Council candidates talk about working together
With Rochester City Council members Ed Hruska and Mark Hickey leaving their posts at the end of the year, at least two new members will be elected in November.
During forums hosted by the Rochester League of Women Voters, candidates for Ward 1 and Ward 5 addressed how they would seek to work with a council that has seen division on many topics in recent years.
Ward 1 candidate Heather Holmes immediately cited struggles within the current council, calling the inquiry a “loaded question.”
“Quite honestly, it can be embarrassing,” she said, noting a council in the state’s third-largest city should communicate better.
“I do believe, rather than to go out and attack current city council members, whoever is sitting in those seats, we have to figure out what is happening and if we can get on the right side of an agenda, which should be for the community of Rochester and our ward constituents,” she said.
Fellow Ward 1 candidate Paul Myhrom also pointed to a need for communication, even if at odds with others on the council.
“The biggest thing is to just let others speak and listen, and then vote your conscience, but stand your ground when you need to,” he said, but moments later, he pointed to his past as an outspoken council member and indicated he could face conflicts with a sitting member.
“I would be proud to once again represent the First Ward and citizens of Rochester as the ‘Mouth of the South,’ and I don’t want the balance of our council and city tipping to the People’s Republic of Wojcik,” he said, pointing to Council Member Michael Wojcik.
Ward 1 candidate Patrick Keane said he doesn’t think there is as much infighting on the current council as the question implies.
“I actually think most of our council members are collaborative problem-solvers,” he said, noting the best option for voters would be to continue electing people willing to work together.
Fellow candidate Kim Sin, however, said he does see a problem with the current council and wants to change that.
“Seeing the city council having disagreement on certain things is kind of embarrassing,” he said. “We are supposed to be serving the community and not having (special) interests.”
During the Ward 5 forum, candidates continued to point toward a need for communication and building relationships.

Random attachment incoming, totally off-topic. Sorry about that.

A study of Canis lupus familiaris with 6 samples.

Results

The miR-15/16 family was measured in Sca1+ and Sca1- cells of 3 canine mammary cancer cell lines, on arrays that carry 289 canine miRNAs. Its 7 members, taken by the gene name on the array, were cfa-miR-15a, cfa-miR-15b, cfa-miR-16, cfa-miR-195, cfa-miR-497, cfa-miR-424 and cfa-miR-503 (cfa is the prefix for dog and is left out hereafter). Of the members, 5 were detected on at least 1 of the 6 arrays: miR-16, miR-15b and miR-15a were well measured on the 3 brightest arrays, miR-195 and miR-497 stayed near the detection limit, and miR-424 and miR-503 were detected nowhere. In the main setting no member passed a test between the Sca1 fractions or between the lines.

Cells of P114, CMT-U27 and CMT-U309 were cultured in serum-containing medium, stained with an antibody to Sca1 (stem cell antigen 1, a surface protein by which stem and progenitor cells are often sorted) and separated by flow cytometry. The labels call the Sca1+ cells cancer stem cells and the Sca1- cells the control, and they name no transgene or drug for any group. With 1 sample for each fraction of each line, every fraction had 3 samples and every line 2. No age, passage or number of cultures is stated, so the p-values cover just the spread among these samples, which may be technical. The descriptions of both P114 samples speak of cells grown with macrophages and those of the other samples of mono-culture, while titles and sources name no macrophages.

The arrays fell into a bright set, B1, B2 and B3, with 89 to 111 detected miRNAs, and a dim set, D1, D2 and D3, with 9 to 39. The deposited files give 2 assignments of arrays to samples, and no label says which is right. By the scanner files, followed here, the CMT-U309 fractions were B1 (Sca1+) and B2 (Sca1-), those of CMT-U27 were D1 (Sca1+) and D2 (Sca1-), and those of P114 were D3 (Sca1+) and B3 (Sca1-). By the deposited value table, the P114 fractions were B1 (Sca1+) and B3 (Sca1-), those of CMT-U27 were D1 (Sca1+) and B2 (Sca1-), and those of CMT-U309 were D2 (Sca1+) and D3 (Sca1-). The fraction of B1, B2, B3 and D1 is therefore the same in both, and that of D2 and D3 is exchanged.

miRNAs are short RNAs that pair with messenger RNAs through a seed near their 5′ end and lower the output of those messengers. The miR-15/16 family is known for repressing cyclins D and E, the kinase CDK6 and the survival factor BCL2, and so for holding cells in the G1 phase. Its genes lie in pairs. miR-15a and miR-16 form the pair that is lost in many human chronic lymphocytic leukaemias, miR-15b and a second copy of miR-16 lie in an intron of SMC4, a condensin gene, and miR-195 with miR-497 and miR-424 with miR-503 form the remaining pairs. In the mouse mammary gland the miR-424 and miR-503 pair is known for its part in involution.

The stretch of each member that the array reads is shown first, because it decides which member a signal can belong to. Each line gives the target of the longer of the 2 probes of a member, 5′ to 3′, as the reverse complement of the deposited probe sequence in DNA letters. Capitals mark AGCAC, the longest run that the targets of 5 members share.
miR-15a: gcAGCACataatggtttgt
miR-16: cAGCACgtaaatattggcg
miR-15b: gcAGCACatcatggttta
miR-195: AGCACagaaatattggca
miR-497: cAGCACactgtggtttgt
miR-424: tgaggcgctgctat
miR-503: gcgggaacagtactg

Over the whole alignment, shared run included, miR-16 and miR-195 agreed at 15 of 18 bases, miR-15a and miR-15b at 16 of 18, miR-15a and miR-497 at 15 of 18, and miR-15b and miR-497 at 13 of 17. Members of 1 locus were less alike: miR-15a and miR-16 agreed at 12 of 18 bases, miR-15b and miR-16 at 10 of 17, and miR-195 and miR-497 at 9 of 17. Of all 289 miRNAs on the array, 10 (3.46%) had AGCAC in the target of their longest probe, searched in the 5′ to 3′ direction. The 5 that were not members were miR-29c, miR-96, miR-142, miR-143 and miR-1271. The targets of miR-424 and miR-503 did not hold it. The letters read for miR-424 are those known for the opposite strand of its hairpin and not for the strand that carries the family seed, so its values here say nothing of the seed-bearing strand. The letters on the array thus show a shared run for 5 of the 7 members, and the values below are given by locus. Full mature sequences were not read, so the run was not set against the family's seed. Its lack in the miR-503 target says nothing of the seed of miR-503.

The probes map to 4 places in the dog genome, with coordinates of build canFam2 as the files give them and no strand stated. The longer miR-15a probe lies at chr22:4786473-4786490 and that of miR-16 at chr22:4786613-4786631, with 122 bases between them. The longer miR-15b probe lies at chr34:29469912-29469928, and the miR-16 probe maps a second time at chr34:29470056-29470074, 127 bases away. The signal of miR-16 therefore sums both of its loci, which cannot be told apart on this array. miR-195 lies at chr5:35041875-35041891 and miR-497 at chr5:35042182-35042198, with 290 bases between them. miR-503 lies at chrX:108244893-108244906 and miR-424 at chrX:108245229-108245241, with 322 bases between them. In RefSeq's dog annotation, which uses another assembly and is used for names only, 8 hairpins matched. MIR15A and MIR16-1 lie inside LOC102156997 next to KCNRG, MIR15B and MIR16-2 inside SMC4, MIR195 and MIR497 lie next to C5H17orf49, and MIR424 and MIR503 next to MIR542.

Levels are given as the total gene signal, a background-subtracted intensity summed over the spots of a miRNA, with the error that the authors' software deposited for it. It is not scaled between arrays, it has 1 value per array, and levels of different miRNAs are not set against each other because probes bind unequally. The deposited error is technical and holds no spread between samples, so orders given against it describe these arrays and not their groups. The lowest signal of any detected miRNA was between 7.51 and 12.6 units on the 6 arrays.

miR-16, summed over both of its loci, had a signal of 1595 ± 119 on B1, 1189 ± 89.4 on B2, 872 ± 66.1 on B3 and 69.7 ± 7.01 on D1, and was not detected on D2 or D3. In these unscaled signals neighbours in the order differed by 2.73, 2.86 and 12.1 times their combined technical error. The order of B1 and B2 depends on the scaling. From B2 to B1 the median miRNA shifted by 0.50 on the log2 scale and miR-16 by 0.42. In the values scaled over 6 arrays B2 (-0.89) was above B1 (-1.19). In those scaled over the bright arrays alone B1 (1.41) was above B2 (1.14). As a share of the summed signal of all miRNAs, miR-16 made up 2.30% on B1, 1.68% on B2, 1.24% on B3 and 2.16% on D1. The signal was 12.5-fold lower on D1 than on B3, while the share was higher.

“For city council, our relationships between one another are really important, and how we communicate with one another should reflect a level of professionalism that is a higher standard than one might think,” Brittney Marschall said.
Fellow candidate Shaun Palmer said listening with respect is key when disagreements occur.
“Communication is a tricky issue, and passion gets played into making decisions,” he said.
Byron Clark said his goal as a Ward 5 council member would be to be open and honest.
“Working with people is all about relationships,” he said. “It’s about listening and it’s about understanding; it’s not always about agreeing. Sometimes we just might not agree, and it’s OK to not always agree with what everyone else says.”
Fellow candidate Mike Walters pointed to his experience as an attorney to show the ability to disagree and still work toward a solution.
“I think it’s important for all of us to conduct ourselves in a professional manner, and that’s something I have experience with day to day,” he said, adding that transparency in local government helps keep council members accountable in times of conflict.
Candidate Judy Hickey also said the new Ward 5 council member will need to work with others on the council in a respectful way, but acknowledged decisions regarding council members are in constituents’ hands.
“Ultimately, it’s up to the voters to decide whether a council member is doing the job or not and whether they will tolerate the council member’s behavior,” she said.
Voters will choose the top two candidates in each race, along with the mayoral election, on Aug. 14. The top candidates from the primary election will be included on the Nov. 6 general election ballot.